Table of Contents For This Issue
News about People and Companies influencing The Broadband Home
Each month, we collect miscellaneous happenings, studies, trends or observations you might have missed. This month's briefs focus on developments in IPTV, fiber, and the end of analog, in countries around the globe.
The way you connect PCs and portable devices is about to change. While Certified Wireless USB has taken longer to get to market than its advocates predicted, it's very likely going to be the first mass-market application of ultra wideband (UWB) and will have a big impact on cable clutter. At CES, we met with many UWB companies, saw some real products based on CWUSB, and saw prototypes of more advanced products. The most impressive was a wireless docking station for notebook PCs.
This year was different. Every year we come back from CES and people ask what exciting new toys we got to play with. This time, instead of just talking about new chips and technologies, Sandy cut short the chip interviews to play with new portable media and IP voice toys. It was fun, but expensive.
DLNA's certification logo is appearing on lots of products. A new DLNA consumer Web site explains to the curious what that logo on their new gizmo means and which products carry it. There's lots more work ahead, but "DLNA is on a roll".
DLNA has added link protection guidelines, but content owners require more in order to allow their premium digital content to be transferred between devices. SVP is a hardware mechanism to protect digital content end-to-end.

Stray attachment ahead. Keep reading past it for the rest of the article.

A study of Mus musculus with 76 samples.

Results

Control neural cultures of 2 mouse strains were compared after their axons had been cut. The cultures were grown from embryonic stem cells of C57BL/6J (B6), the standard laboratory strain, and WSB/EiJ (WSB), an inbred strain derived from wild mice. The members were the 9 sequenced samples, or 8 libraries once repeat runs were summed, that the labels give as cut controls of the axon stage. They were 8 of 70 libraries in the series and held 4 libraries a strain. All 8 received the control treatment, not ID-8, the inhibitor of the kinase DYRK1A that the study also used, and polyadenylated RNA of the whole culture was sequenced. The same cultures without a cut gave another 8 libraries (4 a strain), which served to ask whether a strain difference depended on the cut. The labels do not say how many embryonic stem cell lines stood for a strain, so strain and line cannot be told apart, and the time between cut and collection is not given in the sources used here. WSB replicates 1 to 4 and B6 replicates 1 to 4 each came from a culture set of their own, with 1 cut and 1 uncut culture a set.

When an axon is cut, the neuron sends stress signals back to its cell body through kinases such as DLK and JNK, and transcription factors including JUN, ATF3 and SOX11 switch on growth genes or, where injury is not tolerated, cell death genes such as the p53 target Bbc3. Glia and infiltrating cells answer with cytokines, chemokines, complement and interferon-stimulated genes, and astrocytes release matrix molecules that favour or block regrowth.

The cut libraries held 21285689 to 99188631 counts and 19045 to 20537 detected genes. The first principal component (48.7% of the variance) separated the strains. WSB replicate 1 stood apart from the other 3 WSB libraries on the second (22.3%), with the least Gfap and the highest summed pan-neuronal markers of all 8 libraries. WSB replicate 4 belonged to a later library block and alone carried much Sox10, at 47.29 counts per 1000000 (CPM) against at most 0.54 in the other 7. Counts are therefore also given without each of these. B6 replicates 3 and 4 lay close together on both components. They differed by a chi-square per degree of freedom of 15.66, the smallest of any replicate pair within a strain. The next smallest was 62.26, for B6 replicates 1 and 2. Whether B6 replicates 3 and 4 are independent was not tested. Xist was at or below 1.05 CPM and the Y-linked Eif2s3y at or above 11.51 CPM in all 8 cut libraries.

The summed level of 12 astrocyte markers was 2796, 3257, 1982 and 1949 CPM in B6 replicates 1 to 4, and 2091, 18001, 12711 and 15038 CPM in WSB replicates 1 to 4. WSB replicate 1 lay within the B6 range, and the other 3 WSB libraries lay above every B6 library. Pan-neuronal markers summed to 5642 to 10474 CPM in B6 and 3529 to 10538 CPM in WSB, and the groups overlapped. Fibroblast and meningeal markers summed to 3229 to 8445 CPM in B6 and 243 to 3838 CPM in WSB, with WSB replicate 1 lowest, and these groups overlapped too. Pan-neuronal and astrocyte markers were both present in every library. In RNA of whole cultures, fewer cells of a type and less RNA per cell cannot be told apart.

What will TV look like in the future? If people like Niklas Zennstrom, Janus Friis and Silvio Scaglia have their way, we know some of its components: P2P streaming, TV-like, choice and control, personal, social, easy to use. Their first attempts to make this real are services like Joost and Babelgum. Whether they can realize these goals, and be compelling for consumers and financially viable for investors, remains to be seen.
Solving all the problems of media networking is hard. One media networking company we wrote about enthusiastically has pulled back from direct marketing, deciding to focus their efforts on developing and then licensing their intellectual property through well known consumer brands.
Last September we attended the fall VON conference and its new companion, Video on the Net. We observed that the Video on the Net event had some of the same excitement and enthusiasm as the earliest Voice on the Net shows. Although we can't make it to spring VON in San Jose, we'll be eager to hear the feedback from this second VON gathering looking at online video.